9/15/2015 11:00 AM

College Student Auto Insurance: Part 2

To further celebrate the beginning of the school season (which I secretly celebrate not being a part of every year now), I have continued the discussion on college student auto insurance.  Part two focuses on college student with a vehicle at school, and the possible coverage gaps that can hurt both the college student and their parents.

Car at School

If/when a student has a car at school, there are two possibilities for auto insurance: add the car to the parent’s policy, or have the student get their own policy.

If the vehicle is added to the parent’s policy, the coverage from the parent’s policy would apply.  The main concerns at that point would be rating factors, which include: multi-car discount, possible good student discount, principal youthful operator on vehicle, and garaging address for the vehicle.  

The major coverage gaps and problems begin when the student has their own personal auto policy for their vehicle while at college.

Young driver’s starting their first auto policy tends to pick the least coverage available for the lowest price.  Here in Indiana, the state minimum levels are $25,000 per person, $50,000 per accident bodily injury.  If they are lucky, the policy will have some medical coverage and matching uninsured motorist and underinsured motorist.  These are extremely low levels of coverage in case a bad accident happens.

If a student has these low levels of coverage and ends up in a large at fault accident with much higher medical costs for the other party, they would likely be sued for the difference.  This can then go against their future wages, putting them in large amounts of debt for years to come.  Being a college student with a guaranteed degree creates an assumption of decent wages after graduation, even if that hasn’t been the case for many recent graduates.

And because they are a college student, they likely still count as family on mom and dad’s auto insurance policy.  If the student is driving their own vehicle, the parent’s policy would likely not provide coverage.  However, if they’re driving a friend’s vehicle without enough insurance, their insurance and their parent’s insurance could become involved.  

Vehicle Jointly Titled with Student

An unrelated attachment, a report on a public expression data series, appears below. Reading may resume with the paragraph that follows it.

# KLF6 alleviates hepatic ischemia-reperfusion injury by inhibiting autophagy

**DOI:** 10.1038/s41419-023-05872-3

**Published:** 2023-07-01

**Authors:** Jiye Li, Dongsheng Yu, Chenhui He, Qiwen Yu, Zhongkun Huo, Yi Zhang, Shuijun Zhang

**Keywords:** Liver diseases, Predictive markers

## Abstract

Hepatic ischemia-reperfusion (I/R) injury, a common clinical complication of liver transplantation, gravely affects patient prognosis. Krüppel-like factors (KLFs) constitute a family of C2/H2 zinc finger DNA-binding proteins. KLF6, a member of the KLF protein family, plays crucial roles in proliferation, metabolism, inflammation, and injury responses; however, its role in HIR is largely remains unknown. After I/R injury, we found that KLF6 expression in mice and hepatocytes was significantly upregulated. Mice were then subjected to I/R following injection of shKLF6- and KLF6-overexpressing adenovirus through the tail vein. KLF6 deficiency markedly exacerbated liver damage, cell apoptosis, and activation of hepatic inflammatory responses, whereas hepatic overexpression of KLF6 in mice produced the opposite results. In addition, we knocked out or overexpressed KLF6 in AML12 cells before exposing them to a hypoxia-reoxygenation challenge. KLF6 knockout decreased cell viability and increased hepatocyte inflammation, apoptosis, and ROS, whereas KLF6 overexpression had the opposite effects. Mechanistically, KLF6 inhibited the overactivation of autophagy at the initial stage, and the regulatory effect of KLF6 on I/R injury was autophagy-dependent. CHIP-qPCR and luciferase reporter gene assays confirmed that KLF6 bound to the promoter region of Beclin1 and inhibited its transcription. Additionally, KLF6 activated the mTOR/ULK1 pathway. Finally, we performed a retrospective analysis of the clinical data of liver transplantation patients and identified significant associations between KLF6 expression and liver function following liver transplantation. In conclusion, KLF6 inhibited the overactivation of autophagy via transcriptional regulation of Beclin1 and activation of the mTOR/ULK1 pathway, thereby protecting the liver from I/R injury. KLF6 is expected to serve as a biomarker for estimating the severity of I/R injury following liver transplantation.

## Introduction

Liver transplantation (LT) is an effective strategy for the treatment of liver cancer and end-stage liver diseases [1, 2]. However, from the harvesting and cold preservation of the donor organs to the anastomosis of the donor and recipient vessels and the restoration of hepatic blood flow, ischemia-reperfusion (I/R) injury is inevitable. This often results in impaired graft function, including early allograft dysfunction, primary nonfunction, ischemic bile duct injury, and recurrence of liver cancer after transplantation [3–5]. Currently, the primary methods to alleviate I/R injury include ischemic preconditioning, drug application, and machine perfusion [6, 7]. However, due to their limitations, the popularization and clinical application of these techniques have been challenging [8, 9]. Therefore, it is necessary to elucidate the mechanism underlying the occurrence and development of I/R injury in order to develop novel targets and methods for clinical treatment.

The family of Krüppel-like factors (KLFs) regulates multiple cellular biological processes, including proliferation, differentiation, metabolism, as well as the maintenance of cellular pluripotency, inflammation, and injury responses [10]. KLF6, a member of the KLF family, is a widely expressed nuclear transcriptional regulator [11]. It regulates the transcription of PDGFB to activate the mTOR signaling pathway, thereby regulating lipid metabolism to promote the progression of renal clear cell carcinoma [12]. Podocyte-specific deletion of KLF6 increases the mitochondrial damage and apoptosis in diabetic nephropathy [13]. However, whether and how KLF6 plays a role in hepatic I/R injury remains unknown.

The situation gets to be worse when a vehicle is jointly titled and on a student’s stand-alone policy.  If the student has an at fault accident in the car, all owners will likely be held responsible (including mom and dad).  The student again likely has low levels of coverage, and probably not enough to cover all damages.  

The part that gets worse is the parent’s personal auto insurance policy would likely not cover this accident (leaving the financial burden directly on the parents).  This would fall under a common exclusion because the vehicle would not be a covered auto listed on the parent’s policy, but it would be owned by them.  

My best advice if you jointly title a vehicle with your child, keep it on your policy.  This is the only good way to insure that the vehicle has good liability coverage and coverage does not cancel for non-payment of premium.  It also saves you money in case of a large accident.  While a cheap, low coverage policy may be tempting, it can cost far more in the long run.

Other members in household of driving age

Siblings provide another possible coverage gap when college students carry a separate auto insurance policy.  For example, if a younger sister visits the college student, drives the vehicle and is an at-fault accident, their only coverage is through the student’s auto policy.  The reason this is a big problem is if the policy has low limits and the accident exceeds those limits.  In this case, the parent’s policy would likely not cover the daughter because the vehicle is an owned auto not listed on the policy.  Again, parents would have the financial hit out of pocket if they were sued.  The same problem as discussed above.

Overall, I feel like my parents handled the situation the right way – including me and my car on their auto insurance policy when I went to college.  This way I was protected both by the high limits of liability on their auto policy, protected from unexpected gaps in protection, and even protected by their umbrella policy.

My dad was particular about getting my grade card to keep the good student discount on the policy, so it helped with the financial burden.  If the student needs to help with the cost, all policies do break down the six month or yearly cost of each vehicle.  

Luckily, I didn’t have an accident while at college to test the bounds of coverage on their auto policy.  But it makes me feel good I didn’t have to worry about a possible hit on my financial future or causing a problem for my parent’s financial well-being.

In case you missed it, don’t forget to read part one to learn about how driving a roommate’s car could be excluded from your auto insurance policy.


Photo:  “Campus-8” by Tulane Public Relations. Unmodified. Flikr. CC BY 2.0.